Review: Musical Middle Eastern diplomacy from Daniel Barenboim’s West-Eastern Divan Orchestra in its L.A. debut

Daniel Barenboim conducts the West-Eastern Divan Orchestra at Carnegie Hall in New York in 2006.
Daniel Barenboim conducts the West-Eastern Divan Orchestra at Carnegie Hall in New York in 2006.
(Carolyn Cole / Los Angeles Times)
Music Critic

The world is angry. There is hardly a leader anywhere whom people don’t consider to be a scoundrel. If you really want to get worked up, look at the Middle East.

Yet, there is Daniel Barenboim’s West-Eastern Divan Orchestra, which made its long-awaited Los Angeles debut at Walt Disney Concert Hall on Sunday night in an extraordinary concert of solutions.

Earlier in the day, the Los Angeles Philharmonic, which presented the Divan as part of its centennial season, also offered its final performance of John Cage’s “Europeras 1 & 2” at Sony Studios. Included in the program notes were prescient remarks from the composer.

“Human nature is not as bad as we are often told,” a disheartened Cage wrote in a letter to a frivolously irresponsible orchestra sabotaging a 1990 production of “Europeras” in Zurich, Switzerland. “People can actually change their minds.


“If we do change our minds, life on Earth for all of us may become a success rather than, as now, a failure.”

Can an unusually humane performance of Strauss’ “Don Quixote,” as the Divan’s was, change minds? How about a playing of Tchaikovsky’s Fifth Symphony so stirring that nearly all of the members of the audience didn’t just leap to their feet but also cheered as if swept off them? And what about Wagner’s “Die Meistersinger” Overture, the encore, played with a warmth unfeasible to accurately describe without getting, ugh, all touchy feely?

The Divan, which was founded 19 years ago by Barenboim and Palestinian literary scholar Edward Said to bring young Israeli and Arab musicians together into a training orchestra, did not set out to prove that minds could be changed politically, just as Cage didn’t expect to change the minds of the Zurich musicians about the value of his music or ideas.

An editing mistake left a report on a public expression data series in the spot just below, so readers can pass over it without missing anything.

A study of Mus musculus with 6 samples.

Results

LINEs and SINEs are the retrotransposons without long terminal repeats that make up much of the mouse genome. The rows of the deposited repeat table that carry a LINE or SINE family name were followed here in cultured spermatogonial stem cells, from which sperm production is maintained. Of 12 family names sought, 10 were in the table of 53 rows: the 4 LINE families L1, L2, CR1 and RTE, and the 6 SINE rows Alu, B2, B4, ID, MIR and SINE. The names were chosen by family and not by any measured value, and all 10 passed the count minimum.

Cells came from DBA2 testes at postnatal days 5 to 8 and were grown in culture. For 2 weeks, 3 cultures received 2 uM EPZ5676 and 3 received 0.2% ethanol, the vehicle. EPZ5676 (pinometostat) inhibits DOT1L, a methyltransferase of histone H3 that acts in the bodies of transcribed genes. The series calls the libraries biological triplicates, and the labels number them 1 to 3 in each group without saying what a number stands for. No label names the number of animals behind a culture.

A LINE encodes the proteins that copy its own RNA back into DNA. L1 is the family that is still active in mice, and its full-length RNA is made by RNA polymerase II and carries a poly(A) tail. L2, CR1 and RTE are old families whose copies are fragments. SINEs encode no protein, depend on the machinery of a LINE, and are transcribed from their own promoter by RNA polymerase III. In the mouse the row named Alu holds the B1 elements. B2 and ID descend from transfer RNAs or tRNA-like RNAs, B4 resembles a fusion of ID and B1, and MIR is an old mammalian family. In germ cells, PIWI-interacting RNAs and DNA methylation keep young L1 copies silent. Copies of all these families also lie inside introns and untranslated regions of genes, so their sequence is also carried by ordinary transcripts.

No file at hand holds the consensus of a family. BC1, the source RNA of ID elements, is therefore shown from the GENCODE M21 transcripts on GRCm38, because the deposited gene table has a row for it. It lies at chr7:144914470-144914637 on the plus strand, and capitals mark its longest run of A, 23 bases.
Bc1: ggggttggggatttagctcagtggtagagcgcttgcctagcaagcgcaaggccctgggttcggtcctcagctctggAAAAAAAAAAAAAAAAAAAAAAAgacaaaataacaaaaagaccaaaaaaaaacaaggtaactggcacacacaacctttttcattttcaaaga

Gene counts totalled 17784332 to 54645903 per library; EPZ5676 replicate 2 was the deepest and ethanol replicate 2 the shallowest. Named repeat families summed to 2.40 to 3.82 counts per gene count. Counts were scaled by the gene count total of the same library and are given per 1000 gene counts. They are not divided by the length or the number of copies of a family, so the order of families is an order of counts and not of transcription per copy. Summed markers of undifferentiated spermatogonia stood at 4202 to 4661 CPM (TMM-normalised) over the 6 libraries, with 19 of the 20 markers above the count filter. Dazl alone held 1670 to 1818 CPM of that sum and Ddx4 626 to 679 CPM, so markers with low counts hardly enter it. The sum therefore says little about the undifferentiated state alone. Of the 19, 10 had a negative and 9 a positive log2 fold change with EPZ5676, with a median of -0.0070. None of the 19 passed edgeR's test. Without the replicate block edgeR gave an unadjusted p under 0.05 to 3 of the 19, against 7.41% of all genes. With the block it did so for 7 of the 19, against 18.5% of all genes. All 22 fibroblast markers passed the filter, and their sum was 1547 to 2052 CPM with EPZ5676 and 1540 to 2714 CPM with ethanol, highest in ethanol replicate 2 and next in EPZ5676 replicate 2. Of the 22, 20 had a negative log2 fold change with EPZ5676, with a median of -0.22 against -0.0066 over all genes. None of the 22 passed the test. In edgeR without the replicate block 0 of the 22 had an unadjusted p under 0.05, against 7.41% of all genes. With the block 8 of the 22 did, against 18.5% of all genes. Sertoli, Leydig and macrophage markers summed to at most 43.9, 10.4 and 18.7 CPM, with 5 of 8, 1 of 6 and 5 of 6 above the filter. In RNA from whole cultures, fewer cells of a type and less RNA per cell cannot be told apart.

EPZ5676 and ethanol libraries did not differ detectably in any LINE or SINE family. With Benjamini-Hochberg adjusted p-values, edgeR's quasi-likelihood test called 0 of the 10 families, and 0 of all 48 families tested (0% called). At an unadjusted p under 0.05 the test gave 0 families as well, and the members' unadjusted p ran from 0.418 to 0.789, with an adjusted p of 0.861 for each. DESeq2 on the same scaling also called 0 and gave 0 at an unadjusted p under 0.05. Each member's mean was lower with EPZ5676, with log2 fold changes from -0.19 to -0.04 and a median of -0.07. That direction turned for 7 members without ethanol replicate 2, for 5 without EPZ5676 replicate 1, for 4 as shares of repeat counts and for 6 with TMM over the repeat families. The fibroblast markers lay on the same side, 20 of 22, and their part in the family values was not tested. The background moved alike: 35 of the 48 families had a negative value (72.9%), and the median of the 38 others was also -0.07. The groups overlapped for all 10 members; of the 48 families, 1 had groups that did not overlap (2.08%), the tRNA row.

What is needed, Cage asserted, to make life on Earth a success — rather than it is now for far too few people — is goodwill. The Divan is goodwill in action.

I’ve met a couple of the musicians in the Divan and been told to leave my rose-colored glasses at home. Put Israelis, Palestinians from Gaza and the West Bank, Syrians, Iranians, Lebanese and others from the region, along with a scattering of African and European musicians, together and you will have issues. Apparently, there is a predictable degree of tribalism.

But watching them, and even more impressively hearing them, I couldn’t tell who came from where. The program book did not include a roster of musicians. They watch each other, they listen to each other, they support each other toward a common goal.

That common goal happens to be performances that require no excuses. In “Don Quixote,” the solo cellist, who represents the Don, was a rising star, Kian Soltani, Austrian from a family of Iranian musicians. Sancho Panza is left to an orchestra violist, in this case Miriam Manasherov, an Israeli.

The performance of the tone poem overall had an irresistible appeal. I have never heard any conductor or orchestra appearing for the first time in Disney Hall be as attuned to its acoustics to provide the exquisite sensitivity of Strauss’ opening measures as were Barenboim and the Divan. I was awestruck by the Divan at its New York debut in Carnegie Hall in 2006 and have had the same reaction to it at festivals in London, Salzburg, Austria, and Lucerne, Switzerland. But never has it shone as it did in Disney Hall.


It may help that the orchestra has a magical new home in Berlin, the Pierre Boulez Saal, designed by the Disney Hall architect-acoustician team of Frank Gehry and Yasuhisa Toyota (both of whom were present Sunday). It is also worth an aside to note that Barenboim’s close friend Zubin Mehta was also on hand, looking robust in his first public outing here after a long battle with cancer.

In the Strauss, Soltani’s Don revealed an eloquent dreaminess that was gently yet playfully leveled by Manasherov’s persuasively level-headed Sancho. Their adventures were fraught. Barenboim produced a fabulous racket when needed for the Don’s battle with windmills. At the other extreme, the conductor also kept the textures so transparent that Strauss’ toying with atonality sounded modernist.

In Tchaikovsky’s Fifth, the instrumental solos, particularly from the winds and horns, were soulfully insinuating. Any one of those players could have stood in front of the orchestra in a concerto. The last movement had hurricane force, and did those strings ever like showing their chops.

Barenboim gets credit for this unique orchestra’s existence, its character and its exceptional quality. The ensemble is the musical self-portrait of a legendary pianist. With it, he magnifies the deep, rich tone and articulation he is known for at the keyboard. The piano is Barenboim in black and white. The Divan is him in Technicolor.


The state of the Middle East can be summed up as a region where no country that has supplied these incredible musicians will allow the Divan to play, because the orchestra also includes the other. Were diplomats and peacemakers tuned in, they might make concerts by the Divan a condition of foreign aid, sanctions and talks. Open ears and just maybe minds will follow, proving human nature to not be as bad as we are told, every angry second.